Ahoy, Puppy! A Visual History Of Animals At Sea

The National Maritime Museum in Greenwich, England has posted a wonderful collection of historical photographs showing the range of animals sailors and travelers used to bring to sea. According to Kasey Grier, an historian at the University of Delaware and the author of "Pets In America: A History," taking pets along on ocean voyages was quite common throughout history -- and with good reason.

"There's a long tradition of keeping pets on ships, and I think it's partly because sailing was really boring," Grier said. "Voyages were long and people needed amusements. Bringing animals had to do with ship-borne boredom more than anything."

Not all animals were intended to be companions, but boredom might have helped endear some species to crew members. As Grier explained, cats were originally brought on ships to catch rats and other pests, but eventually a number became pets in addition to (or, perhaps, instead of) workers. Still, most animals weren't really brought on board to work. "Life on a sailing ship can be very dull," Grier concluded. "That seems to be the principal motivation. Pets were something more interesting to focus on, and playing with them gave sailors something to do."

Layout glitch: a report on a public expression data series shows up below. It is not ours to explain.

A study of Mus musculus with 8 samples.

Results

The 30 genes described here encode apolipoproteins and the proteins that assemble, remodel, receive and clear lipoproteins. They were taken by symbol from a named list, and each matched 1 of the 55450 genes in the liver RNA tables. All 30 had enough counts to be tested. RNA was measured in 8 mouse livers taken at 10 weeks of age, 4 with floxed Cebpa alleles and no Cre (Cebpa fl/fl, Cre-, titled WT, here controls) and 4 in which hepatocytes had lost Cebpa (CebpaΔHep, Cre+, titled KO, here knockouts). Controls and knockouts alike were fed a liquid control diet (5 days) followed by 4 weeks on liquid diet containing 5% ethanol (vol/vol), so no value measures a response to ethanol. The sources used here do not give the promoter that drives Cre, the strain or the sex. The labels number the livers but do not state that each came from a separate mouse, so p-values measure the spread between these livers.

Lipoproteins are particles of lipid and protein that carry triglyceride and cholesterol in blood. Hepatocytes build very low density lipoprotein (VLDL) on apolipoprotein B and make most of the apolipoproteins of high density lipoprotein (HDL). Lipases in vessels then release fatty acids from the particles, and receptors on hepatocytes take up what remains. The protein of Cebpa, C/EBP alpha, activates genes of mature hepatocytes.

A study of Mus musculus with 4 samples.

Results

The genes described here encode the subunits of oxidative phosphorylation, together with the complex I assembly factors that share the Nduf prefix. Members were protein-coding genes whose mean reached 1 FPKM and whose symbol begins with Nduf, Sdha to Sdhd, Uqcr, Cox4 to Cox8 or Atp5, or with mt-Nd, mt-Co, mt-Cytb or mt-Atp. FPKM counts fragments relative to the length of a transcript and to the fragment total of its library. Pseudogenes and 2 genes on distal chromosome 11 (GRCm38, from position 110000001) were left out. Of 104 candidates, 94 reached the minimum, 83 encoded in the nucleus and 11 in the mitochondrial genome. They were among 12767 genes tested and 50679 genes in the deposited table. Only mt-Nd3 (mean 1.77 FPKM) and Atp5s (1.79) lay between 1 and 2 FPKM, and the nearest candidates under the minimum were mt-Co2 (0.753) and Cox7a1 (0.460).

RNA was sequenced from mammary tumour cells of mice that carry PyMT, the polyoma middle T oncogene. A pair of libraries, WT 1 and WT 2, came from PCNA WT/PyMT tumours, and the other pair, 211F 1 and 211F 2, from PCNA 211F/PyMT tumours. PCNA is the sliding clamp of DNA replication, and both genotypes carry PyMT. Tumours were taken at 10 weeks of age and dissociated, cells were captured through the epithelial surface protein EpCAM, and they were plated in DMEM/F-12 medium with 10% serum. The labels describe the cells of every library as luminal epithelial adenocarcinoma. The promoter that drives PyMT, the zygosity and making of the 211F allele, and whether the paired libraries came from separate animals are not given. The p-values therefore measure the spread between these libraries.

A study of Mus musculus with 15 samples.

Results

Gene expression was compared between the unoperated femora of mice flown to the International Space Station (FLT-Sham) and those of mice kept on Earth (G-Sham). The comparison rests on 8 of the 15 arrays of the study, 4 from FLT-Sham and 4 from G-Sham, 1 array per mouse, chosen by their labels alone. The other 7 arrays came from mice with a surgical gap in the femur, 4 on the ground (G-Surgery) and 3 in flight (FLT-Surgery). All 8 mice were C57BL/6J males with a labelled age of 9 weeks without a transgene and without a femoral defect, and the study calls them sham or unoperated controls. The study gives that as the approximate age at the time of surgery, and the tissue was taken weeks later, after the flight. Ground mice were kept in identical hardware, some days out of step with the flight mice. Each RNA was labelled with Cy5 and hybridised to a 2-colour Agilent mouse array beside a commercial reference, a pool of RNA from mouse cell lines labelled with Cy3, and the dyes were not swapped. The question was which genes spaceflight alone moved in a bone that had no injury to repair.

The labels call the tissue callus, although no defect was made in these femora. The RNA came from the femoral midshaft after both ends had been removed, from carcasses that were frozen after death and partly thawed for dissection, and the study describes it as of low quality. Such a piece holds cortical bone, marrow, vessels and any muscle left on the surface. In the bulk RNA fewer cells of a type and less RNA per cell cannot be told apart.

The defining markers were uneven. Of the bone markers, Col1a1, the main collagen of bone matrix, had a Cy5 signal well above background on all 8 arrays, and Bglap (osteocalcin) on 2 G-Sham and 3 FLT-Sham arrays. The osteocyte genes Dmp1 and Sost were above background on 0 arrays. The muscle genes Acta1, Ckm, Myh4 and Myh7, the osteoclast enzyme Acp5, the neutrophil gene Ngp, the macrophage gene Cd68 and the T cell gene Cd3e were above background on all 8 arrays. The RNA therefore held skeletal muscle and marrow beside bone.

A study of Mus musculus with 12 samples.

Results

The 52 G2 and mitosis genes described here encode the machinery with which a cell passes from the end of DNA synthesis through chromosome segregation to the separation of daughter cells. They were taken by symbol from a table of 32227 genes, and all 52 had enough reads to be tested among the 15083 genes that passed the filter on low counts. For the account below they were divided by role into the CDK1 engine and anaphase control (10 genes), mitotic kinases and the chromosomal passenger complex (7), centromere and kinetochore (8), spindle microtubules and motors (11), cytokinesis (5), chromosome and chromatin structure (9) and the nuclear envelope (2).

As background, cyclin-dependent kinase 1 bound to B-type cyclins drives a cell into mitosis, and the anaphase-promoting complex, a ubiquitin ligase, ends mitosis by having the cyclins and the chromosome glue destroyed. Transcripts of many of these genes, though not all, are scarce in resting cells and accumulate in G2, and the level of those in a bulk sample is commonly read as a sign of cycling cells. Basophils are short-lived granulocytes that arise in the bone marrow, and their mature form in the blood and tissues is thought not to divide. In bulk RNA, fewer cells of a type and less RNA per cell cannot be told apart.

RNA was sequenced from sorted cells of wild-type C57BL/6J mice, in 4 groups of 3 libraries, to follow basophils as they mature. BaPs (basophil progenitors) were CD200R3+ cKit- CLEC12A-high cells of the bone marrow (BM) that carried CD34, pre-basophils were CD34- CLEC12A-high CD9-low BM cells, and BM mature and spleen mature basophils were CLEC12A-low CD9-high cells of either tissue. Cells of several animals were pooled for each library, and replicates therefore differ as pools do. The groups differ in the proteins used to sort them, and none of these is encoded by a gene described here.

Poodle on board an unknown yacht, late 19th century.

The mascot of HMS "Renown," ca. 1941

A quarterdeck scene on HMS "Trafalgar" in Malta, 1897.

Cat on steam yacht "Morning," ca. 1902.

Mr. PM Anderson and Russ on the "Scotia," ca. 1902.

The ship's cats on HMS "Hawkins," ca. 1920.

Dog on board HMS "Laforey," ca. 1915.

Black cat and spaniel on board HMS "Barham," ca. 1916.